The Next Artist Who’s About to Get Kicked Out of China
WHY YOU SHOULD CARE
Because everyone has a dark side.
By Leslie Nguyen-Okwu
An artist’s self-portrait: stuffy, vain, easy on the eye. Right? Not for Lu Yang, a scrappy 31-year-old new-media artist based in China. In a computer rendering of herself, Lu is naked and genderless, with electrodes jabbing at her brain like a lab rat. Then comes her callous death, her convulsing body slowly sliding into the charred furnace of a gaping MRI machine.
Lu is no stranger to stirring up strife with her provocative videos and unsettling animations. “Revived Zombie Frogs Underwater Ballet” is exactly what it sounds like — Lu sends electric shocks to dissected frogs to make them dance as they hover in water. Her latest pieces include both a massive floating kite of her head and an animation of her charred corpse flailing about in flames. And for good measure, “Uterus Man” rides a zooming pelvis chariot and flies like Iron Man by shooting blood out of his vagina — not just weird, but explicitly taboo. Clearly, Lu doesn’t do hoity-toity. Instead, she dabbles and dives into thorny themes from biology, neurology and religion, some stuff that, she says, is “too hard-core” for China. As an artist, Lu isn’t just messing around with medium and form; she’s engaging in a struggle against a kind of cultural straightjacket in China that discourages people from openly and honestly broaching these topics.
Death and doom aside, Lu is alive and well as she escorts me up to the tenth floor of her dingy apartment building in Beijing. Her art studio is filled to the brim with the canvas of her choice — four massive computer monitors — and she greets me in plaid pajamas and pink slippers, carrying none of the frill from her formal training at the China Academy of Art. But don’t let the nonchalance fool you: She just woke up after an all-night binge of editing on Adobe Illustrator, BodyPaint 3D and Maya. Lu has gained acclaim through several solo exhibitions worldwide and earned the respect of celebrity Chinese artists like Yao Dajuin and Wang Changcun. Back in school, she honed her artistic chops under the tutelage of Zhang Peili, the “father of video art” in China, and just last year, Lu attended the famed Venice Art Biennale. “She’s without a doubt one of the bright lights,” says Martin Kemble, founder of Art Labor, a contemporary arts gallery in Shanghai.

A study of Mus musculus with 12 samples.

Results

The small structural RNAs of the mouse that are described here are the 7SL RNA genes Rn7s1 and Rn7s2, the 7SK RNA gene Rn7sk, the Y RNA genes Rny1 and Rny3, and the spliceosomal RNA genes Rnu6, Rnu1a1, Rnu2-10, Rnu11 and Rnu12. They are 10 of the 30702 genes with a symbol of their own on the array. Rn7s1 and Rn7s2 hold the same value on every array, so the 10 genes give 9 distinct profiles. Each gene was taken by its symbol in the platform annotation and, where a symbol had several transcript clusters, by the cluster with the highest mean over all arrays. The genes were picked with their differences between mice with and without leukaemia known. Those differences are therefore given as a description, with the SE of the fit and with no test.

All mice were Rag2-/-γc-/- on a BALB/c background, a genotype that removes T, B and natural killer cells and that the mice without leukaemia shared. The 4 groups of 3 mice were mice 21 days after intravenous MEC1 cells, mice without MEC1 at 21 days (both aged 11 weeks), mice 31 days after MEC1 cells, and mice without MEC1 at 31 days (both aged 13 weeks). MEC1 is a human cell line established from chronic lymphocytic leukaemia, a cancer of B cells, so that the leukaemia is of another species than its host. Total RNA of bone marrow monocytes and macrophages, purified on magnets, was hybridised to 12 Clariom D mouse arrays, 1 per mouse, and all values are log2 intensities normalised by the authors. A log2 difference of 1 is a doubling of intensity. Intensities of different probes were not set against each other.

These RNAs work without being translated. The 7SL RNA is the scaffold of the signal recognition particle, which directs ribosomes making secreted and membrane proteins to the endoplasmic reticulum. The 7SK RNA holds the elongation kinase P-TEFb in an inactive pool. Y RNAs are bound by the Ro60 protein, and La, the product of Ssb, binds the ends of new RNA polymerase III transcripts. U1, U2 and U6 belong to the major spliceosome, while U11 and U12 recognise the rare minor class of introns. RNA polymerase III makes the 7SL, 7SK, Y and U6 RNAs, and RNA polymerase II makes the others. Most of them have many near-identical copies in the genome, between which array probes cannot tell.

If Lu’s work had to be classified, it would go under WTF. The art scene has come a long way in China. During the Cultural Revolution, talented artists were suppressed and banished to the countryside throughout the ’60s and ’70s. Some continued painting or drawing, but only at the government’s behest to disseminate propaganda or mobilize political opinion, much like artists and musicians in Nazi Germany. Fast forward to the present, the communist country still imprisons a handful of dissident artists or shuts down their art exhibitions — Ai Weiwei, China’s most renowned visual artist, languished in prison for nearly three months and under house arrest for four more years. So, how did such an out-there artist like Lu manage to dodge the ire of China’s iron fist? Well, her answer is simple: “I’m totally uninterested in politics,” she says matter-of-factly. By staying away from politics, she avoids the treacherous path of imprisonment and condemnation that China has imposed on renegade artists like Ai Weiwei.
Lu deeply “explores the meaning of life as well as questions its very existence,” says Wang Wan, with the Beijing Commune, the gallery that represents Lu. But Lu never broaches the legitimacy of the ruling communist party, unlike other contemporary artists. She pays little heed to her own Chinese identity and often borrows from Japanese anime, western horror films and science fiction as her main muses, rather than drawing from her local experiences of growing up in Shanghai. “I’m not a Chinese artist, just an artist who happens to be from China,” she says. Moreover, with a national five-year plan to erect more museums and nurture a burgeoning arts scene underway, her unconventional flair is probably not what China’s stuffy art elite had in mind. She doesn’t even like museums, “because I don’t understand a lot of the works,” she says, without pretense.
But I’m afraid of her. Every artist has their critics, but Lu doesn’t shy away from the controversy — she thrives on it, and it consumes her. When I leave her studio, she disappears behind her four huge monitors, embracing the darkness. While her art is an arresting sight, some still question the depth of her work. She’s grappling with meaty topics — the ethics of torture, gender fluidity, life and death — in which she is self-taught with scant formal education. Intellectually, it all needs to be explored on a deeper level, says Kemble, from Art Labor: “She’s just surfing the net grabbing things” and repackaging them for mass consumption. But Lu says she put in the time — going in and out of hospital emergency rooms for asthma attacks as a child and becoming hooked on the philosophy of medicine ever since. Like a surgeon, she approaches her work with the same precision and cold objectivity. “No one is willing to talk about these topics in China, but I am not afraid of them,” she says.